I was a huge fan of Brian K. Vaughan and Pia Guerra’s Y: The Last Man series, so when I found out that Vaughan had a new series on the loose, I knew it was only a matter of time before I got my hands on it. Y: The Last Man gripped me from the very first issue. The story was intriguing on a scientific and sociological level and the protagonist really appealed to my love of smart-assery. I was looking forward to more of the same, so I’m a bit disappointed to say that Saga is essentially a love story. It is Romeo and Juliet in space. And I’m not sure how that’s going to work out.
The first volume of Saga (artwork by Fiona Staples, 2012) collects issues 1-6 and introduces us to our main characters. Alana is from Landfall and worked as a soldier. Marko is from Wreath and was a prisoner. Their two homelands (home planet and its moon?) are warring and love between the two species is forbidden. Sound familiar? What’s not ripped from the bard, however, is that our narrator is Hazel, the child Alana bears in our first scene, clad with tiny wings from her mother and miniature buds where her father’s horns will grow in. It wasn’t known whether the two species could even produce offspring, but Alana and Marko have shown everyone wrong and they are on the run for it.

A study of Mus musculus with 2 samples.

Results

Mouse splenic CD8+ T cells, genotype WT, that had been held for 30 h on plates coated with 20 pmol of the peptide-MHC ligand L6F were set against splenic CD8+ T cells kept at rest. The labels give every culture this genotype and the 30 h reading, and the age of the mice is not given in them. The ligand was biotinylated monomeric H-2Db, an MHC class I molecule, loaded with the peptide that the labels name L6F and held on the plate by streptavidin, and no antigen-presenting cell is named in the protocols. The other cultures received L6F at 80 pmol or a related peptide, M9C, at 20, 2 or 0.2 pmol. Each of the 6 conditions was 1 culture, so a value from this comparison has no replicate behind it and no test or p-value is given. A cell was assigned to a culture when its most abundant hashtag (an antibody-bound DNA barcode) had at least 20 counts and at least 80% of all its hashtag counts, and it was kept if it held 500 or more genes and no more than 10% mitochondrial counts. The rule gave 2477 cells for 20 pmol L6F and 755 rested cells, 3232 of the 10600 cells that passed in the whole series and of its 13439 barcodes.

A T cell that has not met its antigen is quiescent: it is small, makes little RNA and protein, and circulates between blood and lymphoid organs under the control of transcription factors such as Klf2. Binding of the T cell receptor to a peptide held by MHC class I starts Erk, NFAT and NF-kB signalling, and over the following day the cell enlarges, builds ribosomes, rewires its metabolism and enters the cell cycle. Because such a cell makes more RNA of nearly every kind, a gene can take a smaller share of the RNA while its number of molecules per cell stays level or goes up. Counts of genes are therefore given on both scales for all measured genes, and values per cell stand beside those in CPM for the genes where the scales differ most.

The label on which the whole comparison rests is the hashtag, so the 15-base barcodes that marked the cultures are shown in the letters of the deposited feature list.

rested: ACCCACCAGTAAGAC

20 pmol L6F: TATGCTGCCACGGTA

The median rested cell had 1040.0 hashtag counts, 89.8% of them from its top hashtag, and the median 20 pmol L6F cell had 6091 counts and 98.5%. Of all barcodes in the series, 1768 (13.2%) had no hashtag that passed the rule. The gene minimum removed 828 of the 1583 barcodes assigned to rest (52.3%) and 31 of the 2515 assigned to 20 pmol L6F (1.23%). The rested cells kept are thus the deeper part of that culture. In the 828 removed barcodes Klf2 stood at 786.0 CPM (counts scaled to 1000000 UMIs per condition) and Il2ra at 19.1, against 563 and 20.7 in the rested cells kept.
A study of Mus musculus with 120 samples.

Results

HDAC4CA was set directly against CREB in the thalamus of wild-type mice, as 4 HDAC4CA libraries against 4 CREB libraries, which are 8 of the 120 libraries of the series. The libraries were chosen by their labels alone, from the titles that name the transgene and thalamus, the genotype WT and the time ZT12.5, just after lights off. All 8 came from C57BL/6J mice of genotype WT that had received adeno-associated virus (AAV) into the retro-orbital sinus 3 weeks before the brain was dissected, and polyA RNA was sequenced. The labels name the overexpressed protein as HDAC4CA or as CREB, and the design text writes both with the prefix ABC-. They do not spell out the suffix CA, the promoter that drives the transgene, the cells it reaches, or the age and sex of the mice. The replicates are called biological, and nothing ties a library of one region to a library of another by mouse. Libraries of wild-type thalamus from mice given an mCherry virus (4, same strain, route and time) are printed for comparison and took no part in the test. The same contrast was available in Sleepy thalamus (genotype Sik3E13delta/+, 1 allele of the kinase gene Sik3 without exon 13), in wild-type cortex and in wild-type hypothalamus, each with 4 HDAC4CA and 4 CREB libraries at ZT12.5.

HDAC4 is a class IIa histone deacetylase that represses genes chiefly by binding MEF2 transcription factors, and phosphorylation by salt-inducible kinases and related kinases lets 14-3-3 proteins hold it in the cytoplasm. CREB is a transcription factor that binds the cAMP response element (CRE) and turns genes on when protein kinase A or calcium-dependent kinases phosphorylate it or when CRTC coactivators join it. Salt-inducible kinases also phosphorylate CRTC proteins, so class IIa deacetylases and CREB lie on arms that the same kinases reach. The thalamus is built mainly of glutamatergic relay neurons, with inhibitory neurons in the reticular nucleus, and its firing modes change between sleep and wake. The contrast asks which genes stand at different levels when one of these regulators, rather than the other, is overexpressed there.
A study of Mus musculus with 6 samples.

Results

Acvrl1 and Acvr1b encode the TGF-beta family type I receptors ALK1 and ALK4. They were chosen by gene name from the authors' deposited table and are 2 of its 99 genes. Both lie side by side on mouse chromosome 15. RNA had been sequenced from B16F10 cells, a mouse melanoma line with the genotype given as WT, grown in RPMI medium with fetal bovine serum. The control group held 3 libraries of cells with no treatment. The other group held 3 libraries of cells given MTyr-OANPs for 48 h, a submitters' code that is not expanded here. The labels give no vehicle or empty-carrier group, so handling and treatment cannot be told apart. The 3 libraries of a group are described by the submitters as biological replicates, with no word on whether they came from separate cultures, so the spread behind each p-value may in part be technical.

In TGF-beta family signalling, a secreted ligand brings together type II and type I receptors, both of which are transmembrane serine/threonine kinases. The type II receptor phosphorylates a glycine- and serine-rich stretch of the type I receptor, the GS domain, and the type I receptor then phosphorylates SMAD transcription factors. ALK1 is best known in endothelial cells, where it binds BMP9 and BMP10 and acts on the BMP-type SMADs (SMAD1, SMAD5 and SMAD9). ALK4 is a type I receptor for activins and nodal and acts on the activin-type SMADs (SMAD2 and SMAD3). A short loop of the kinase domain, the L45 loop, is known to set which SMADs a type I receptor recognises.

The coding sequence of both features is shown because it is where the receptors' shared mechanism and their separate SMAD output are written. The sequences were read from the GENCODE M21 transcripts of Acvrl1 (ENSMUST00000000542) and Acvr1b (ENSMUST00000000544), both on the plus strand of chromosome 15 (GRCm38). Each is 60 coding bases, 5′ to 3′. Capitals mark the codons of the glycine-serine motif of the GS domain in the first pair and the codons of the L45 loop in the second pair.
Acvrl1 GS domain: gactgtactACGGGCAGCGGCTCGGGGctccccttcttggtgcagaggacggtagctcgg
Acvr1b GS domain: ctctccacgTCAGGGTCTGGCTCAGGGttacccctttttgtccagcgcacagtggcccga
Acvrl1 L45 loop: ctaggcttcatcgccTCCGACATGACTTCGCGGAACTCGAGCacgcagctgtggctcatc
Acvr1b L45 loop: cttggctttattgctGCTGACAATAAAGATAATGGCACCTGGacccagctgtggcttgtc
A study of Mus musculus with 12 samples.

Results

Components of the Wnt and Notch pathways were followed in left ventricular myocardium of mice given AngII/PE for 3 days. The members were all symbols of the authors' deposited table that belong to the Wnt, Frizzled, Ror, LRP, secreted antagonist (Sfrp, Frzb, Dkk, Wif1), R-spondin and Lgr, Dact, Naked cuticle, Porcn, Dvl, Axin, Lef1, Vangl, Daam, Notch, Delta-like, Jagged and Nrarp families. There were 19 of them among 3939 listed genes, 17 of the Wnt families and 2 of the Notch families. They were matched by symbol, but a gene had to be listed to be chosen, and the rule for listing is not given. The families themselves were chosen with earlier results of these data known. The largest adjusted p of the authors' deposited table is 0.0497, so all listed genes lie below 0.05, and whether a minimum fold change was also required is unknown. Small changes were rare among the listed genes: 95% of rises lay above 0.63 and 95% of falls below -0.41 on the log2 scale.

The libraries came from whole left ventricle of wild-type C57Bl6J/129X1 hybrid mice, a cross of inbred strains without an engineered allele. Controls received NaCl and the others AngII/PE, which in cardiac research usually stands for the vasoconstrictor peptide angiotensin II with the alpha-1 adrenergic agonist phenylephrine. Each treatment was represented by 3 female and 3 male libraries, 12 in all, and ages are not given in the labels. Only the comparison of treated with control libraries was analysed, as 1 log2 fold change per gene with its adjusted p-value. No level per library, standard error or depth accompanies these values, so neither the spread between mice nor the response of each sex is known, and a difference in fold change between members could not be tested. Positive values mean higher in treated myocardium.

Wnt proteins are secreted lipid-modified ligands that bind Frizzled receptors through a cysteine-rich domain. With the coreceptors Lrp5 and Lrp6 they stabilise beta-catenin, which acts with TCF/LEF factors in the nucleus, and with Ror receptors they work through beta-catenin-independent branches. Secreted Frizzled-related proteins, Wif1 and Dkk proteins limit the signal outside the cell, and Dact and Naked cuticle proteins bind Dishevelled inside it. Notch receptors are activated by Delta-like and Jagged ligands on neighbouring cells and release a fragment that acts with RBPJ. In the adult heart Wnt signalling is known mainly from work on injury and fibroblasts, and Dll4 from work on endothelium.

It seems to me that this first volume is really just setting up what will happen in volumes to come. That may sound obvious, but when you think that readers had to stick with six issues before the story really started to take off, it’s surprising that it gained the following it did. Don’t get me wrong, there are some interesting beginnings here – the robot prince on a mission to hunt down the couple, the freelancers hired to take them out (one of whom is a giant half-woman/half-spider hybrid that is the stuff of nightmares), ghosts of war-ridden children who lead the way to a rocket forest, a planet whose prime offerings would suit the Marquis de Sade just fine… It’s all ripe for a good story, it’s just not there yet. What we have in this first collection is two lovers on the run with their forbidden child.
But, I have faith in Vaughan and I have faith in Saga that it will turn out to be much more than that. On that faith alone, I’ll keep reading. I just hope Vaughan doesn’t let me down.